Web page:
Coronavirus: Six hospitals in mining communities receive cash, PPEs from Liaison Group
Six hospitals in communities where mining communities operate in forest reserves have benefited from GH₵ 180,000 cash and stocks of medical aid to support their fight against COVID-19.
The New Abirem District Hospital, the Sefwi Wiawso District Hospital, the Bibiani Government Hospital, the Buipe Government Hospital, the Obuasi Government Hospital and the Wassa Akropong Government Hospital each received GH₵ 30,000 as well as 25 scrubs; 20 nose masks; 10 infrared thermometers and five gowns.
The donation came from the Liaison Group, a coalition of state institutions that was set up to monitor mining activities in forest reserves from exploration activities, the early stages of the pre-construction phase of projects and subsequently through the operational phase.
Members of the group, chaired by the Environmental Protection Agency, include the Forestry Commission, Ministry of Lands and Natural Resources, Minerals Commission, Forest Services Division, Water Resources Commission, the Chamber of Mines and the Geological Survey Authority.
Speaking at a ceremony at the offices of the Forestry Commission to present the items, the Executive of Director of the EPA, Mr John Pwamang, said the group decide to donate to the hospitals to complement the efforts of the government.
“These are areas that it will take a long time before the government’s support gets to them. We thought it will be proactive to take care of the hospitals so they can also fight the pandemic,” he said.
He urged the management of the hospitals to put the donations to their intended purpose.
The Chief Executive of the Forestry Commission, Mr Kwadwo Owusu-Afriyie, told theghanareport.com that the group believed since it could not give its support to members of the mining community individually, it thought it wise to cater for the hospitals, which were in the forefront of fighting the deadly coronavirus.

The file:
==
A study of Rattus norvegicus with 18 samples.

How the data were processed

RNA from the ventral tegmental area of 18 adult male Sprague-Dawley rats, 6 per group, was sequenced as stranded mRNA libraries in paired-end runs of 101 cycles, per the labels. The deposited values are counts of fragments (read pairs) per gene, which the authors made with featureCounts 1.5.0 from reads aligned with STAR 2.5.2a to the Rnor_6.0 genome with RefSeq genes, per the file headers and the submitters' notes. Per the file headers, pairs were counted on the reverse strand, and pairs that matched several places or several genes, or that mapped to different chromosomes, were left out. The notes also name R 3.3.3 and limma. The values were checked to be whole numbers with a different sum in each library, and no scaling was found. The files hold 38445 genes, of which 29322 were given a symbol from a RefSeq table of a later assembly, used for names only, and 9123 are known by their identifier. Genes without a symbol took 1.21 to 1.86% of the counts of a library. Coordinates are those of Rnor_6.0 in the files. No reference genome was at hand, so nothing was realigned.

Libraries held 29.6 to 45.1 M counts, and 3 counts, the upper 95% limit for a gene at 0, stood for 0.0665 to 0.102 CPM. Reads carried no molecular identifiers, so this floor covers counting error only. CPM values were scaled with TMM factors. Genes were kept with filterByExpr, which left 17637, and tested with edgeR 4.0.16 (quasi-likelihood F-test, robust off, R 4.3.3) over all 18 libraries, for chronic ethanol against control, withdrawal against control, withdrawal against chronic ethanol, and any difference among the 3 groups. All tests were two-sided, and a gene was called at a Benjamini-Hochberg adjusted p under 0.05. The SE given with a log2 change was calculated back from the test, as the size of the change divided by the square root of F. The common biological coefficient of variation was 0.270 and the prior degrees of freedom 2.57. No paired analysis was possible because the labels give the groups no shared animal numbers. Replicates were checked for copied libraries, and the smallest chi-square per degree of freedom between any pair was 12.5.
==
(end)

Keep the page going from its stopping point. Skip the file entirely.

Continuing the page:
“We are in a very difficult time, that even handshakes pose dangers to our lives. Given that our country benefits immensely from these mining communities, we thought it wise to support their healthcare facilities. We must all rally around the government and the President to tackle this deadly disease,” he stated.
He said apart from the six healthcare facilities that had benefitted from the group, the Forestry Commission had also made donations to the Achimota and Legon hospitals in Accra and the Komfo Anokye Teaching Hospital in Kumasi.
Mr Owusu-Afriyie rallied Ghanaians and corporate institutions to do their best to support the government to fight against coronavirus by adhering strictly to the Ministry of Health’s prescribed hygiene protocols.
A representative of the beneficiary hospitals, Nana Ntim Adjei, who is also the Administrator of the Sefwi Government Hospital, expressed appreciation to the Liason Group for their support, which he indicated would go a long way towards fighting the virus, which has killed 17 people in Ghana and infected 2,017 while 212, others have recovered.
Mining in Ghana’s forests
Ghana has since 1996 allowed limited mineral exploration and exploitation in some of the country’s forest reserves. However, it was not until May 2001 that the country approved Environmental Guidelines for Mining Forest Reserves to ensure that environmental impacts of mining were fully addressed.
In that regard, the Liason Group, which is made up of all the stakeholders in the mining and environment space was set up to among other responsibilities liaise with mining companies throughout the mining process and play an active role in the formulation of environmental procedures.
They are also to ensure the allocation of 50% portion of the extra ‘royalties’ to the communities affected by mining projects, identified during environmental impact assessment studies to push developmental projects.
Ever since the guidelines came into force, there have been mining in forest reserves, including Supuma Shelterbelt and Tano Offin in the Ashanti Region; Ajenjua Bepo in in the Eastern Region; Afao Hill and Opon Mansi in the Western Region; and Yakombo in the Savannah Region.
The guidelines require mining companies operating in production forest reserves to pay 0.6% extra royalty lodged in an account with the Forestry Commission. 50% of the extra royalty is managed by the commission.